What Majors are Useful For a Career in Game DesignThe world is filled with people who love to play video games. There are about two billion gamers worldwide. Revenue for the gaming industry hit almost $120 billion in 2018, according to a report on the Business Insider website.

Because of this, video game design has become a popular major at many art and design colleges. But do those who aspire to work in the industry have to get a degree in game design or are there other majors that will prepare students to work in this industry? The short answer is ‘yes,’ there are several degrees that prepare students to work in this industry. Here’s a look at them.

Video Game Development

Many schools offer majors in game development or something similar. How these majors break down differs from school to school. That said, students can count on taking coursework such as:

  • Technology in the entertainment industry
  • Programming
  • Software engineering
  • Computer graphics
  • Artificial Intelligence
  • Life drawing, painting
  • Character development
  • Animation for games
  • Transmedia entertainment
  • Visual design for games

Additionally, the Princeton Review gives future students some advice about picking a video game design school. First, it suggests that students find schools that have the right technology. This is a tech-heavy industry. Future game professionals should know how to use technology related to their industry.

Second, students in these majors should be producing a lot of games or game art throughout their college careers. By doing this, they learn to not only create games but also how to debug them, develop them with an audience in mind and stick to tight production schedules.

Other Creative Alternatives

It’s important to recognize that video games incorporate just about every art form there is from visual art to music to scriptwriting. Art colleges, like the Savannah College of Art and Design (SCAD), require their game designers to take classes in subjects, like film, theater, dance and other related arts disciplines. The point is that would-be video game professionals can work in the video game industry even if they don’t study computer science.

A look at job search sites reveals a host of jobs in the industry. Many of these jobs ask for skills, like scriptwriting, storyboarding, character design, translation, localization or music composition, according to The Balance Careers website.

Some of them don’t even require the job holder to know how to use the software that’s typically associated with creating video games, like Maya, or to know computer languages.

In this respect, the video game industry is open to several different kinds of employees. Instead, these employees may have majored in subjects like:

  • Foreign languages, like German, French or Spanish
  • Theater
  • Screen or theater scriptwriting
  • Music composition or music engineering
  • Traditional visual arts, like sculpture, illustration, painting, etc.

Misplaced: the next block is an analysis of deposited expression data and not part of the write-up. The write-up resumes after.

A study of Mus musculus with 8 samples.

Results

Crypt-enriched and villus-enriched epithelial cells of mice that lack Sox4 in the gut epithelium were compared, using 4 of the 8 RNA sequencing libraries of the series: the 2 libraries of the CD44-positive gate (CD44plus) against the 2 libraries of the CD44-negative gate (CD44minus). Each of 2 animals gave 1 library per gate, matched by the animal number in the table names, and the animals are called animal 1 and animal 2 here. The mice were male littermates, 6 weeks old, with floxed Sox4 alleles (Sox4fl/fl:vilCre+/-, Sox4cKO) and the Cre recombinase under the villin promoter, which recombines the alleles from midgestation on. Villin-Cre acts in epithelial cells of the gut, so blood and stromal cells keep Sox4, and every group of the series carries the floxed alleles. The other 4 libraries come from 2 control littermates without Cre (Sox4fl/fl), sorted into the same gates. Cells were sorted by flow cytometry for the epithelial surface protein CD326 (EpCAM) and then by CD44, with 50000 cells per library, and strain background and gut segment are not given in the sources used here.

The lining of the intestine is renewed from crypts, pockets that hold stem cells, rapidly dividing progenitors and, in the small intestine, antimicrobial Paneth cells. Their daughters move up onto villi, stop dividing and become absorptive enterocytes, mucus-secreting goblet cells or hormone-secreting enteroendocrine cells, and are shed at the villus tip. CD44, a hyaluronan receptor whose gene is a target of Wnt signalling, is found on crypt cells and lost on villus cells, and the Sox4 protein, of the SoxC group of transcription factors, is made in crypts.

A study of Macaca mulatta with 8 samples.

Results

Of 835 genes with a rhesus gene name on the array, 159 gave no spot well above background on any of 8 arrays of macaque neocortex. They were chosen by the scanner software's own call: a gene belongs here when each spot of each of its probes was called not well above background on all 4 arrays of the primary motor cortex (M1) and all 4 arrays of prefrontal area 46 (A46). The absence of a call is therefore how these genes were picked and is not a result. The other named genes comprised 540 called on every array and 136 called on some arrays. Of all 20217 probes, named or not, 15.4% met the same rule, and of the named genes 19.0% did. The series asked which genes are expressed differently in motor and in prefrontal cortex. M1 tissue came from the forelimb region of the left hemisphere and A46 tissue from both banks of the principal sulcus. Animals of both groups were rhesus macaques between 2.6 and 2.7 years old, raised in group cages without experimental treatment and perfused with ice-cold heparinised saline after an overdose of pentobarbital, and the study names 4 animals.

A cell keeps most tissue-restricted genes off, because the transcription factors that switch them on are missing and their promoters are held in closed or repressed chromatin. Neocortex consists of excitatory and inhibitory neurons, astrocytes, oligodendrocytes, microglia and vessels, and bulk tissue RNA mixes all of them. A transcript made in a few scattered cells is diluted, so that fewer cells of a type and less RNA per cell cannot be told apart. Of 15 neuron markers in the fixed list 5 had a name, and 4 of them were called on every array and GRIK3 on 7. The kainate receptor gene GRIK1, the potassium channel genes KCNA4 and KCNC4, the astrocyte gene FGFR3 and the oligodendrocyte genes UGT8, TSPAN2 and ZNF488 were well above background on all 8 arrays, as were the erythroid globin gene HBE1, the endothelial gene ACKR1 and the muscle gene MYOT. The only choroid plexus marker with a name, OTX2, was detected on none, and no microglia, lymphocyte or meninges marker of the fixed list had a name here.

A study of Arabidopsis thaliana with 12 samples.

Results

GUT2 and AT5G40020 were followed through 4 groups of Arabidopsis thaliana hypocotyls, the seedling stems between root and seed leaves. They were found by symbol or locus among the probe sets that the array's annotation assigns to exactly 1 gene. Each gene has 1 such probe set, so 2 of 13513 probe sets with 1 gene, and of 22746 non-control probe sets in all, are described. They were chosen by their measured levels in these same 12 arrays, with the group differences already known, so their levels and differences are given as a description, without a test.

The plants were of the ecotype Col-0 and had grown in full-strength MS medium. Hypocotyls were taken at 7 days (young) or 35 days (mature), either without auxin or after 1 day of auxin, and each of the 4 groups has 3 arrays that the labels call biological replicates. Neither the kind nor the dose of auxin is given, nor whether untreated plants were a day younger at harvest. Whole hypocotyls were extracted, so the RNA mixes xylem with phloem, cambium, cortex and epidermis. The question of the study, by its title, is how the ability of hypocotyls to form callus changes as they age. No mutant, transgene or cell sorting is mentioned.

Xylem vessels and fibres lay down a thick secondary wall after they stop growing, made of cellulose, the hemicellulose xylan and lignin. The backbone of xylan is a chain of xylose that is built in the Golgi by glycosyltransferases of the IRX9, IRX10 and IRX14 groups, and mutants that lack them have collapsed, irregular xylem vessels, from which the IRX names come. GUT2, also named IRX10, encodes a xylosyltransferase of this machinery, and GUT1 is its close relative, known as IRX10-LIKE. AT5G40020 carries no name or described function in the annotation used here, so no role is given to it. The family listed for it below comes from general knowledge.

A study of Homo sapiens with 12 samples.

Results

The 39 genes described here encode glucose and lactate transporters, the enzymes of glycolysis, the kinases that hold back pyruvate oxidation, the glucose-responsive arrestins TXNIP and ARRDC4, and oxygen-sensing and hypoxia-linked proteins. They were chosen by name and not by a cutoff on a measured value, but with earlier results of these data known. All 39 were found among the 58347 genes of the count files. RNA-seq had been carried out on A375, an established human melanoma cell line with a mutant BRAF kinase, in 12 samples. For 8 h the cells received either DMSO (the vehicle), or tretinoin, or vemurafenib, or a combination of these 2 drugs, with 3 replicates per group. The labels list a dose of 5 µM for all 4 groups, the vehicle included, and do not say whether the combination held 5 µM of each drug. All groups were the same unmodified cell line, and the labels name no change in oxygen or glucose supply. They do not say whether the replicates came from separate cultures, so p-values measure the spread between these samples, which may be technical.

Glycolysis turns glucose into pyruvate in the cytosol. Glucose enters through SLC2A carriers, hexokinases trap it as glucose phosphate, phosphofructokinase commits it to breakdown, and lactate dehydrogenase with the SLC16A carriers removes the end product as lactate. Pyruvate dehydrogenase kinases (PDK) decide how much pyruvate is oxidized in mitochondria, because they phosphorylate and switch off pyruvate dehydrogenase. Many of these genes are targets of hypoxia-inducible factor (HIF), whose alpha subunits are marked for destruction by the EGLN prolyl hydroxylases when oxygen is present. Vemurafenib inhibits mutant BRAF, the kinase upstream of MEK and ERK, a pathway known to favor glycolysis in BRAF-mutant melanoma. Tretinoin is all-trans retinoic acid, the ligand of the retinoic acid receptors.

• Film and television

Additionally, many recruits don’t start in game development. They may begin as game testers or in quality assurance.

That being the case, they have the time to check out the industry to determine where they would fit. Maybe they will fit in with game development. However, they may find after working in the industry for a while that they prefer to work in the script department or as storyboard artists.

Business, Marketing and Producing

The video game industry is big business, and many people must work on the business side of the business to keep video game studios running. Those who are more interested in sales, marketing and advertising can still find a place for themselves in the video game industry. Some colleges, like Full Sail University, even offer business degrees that are specific to the entertainment industry.

Their coursework teaches them how to manage events, to develop financing proposals and to market their products. They also have an opportunity to develop a portfolio. This tool allows them to develop plans for marketing games, film or other entertainment events.

Video game producers fall into this category, though some may have attended a degree program that prepared them to work in other aspects of the industry, including in-game design or development. They may have also been through a computer science degree or at least taken coursework in that.

The video game industry shows no signs of slowing down. Now, more than ever, would-be video game professionals have several career options if they want to work in the industry. While many of them will formally study game development or computer science, many others will take a different route. They might work in storyboarding, video game scriptwriting, translation and localization or conceptual art. Still, others may go into the business side of things, becoming marketing professionals, video game producers or sales professionals.

Therefore, it’s important to realize that many college majors can prepare a person to work in this field. This is good news. It means that industry hopefuls can major in subjects they love and still find positions within the industry.

Related Resources:

What Skills and Personality Traits are Best for Becoming a Game Designer?

What Should I Look for When Considering a School to Study Game Design?

What is the Difference Between Game Design and Game Development?

How Closely Related are Game Design and Animation?

Which is Better For Employers: A Degree or Experience Designing Games?

Are There Undergraduate Degrees That Focus on Game Design?

What are The Most Common Computer Languages Used for Game Design?

What is the Job Outlook for Game Designers?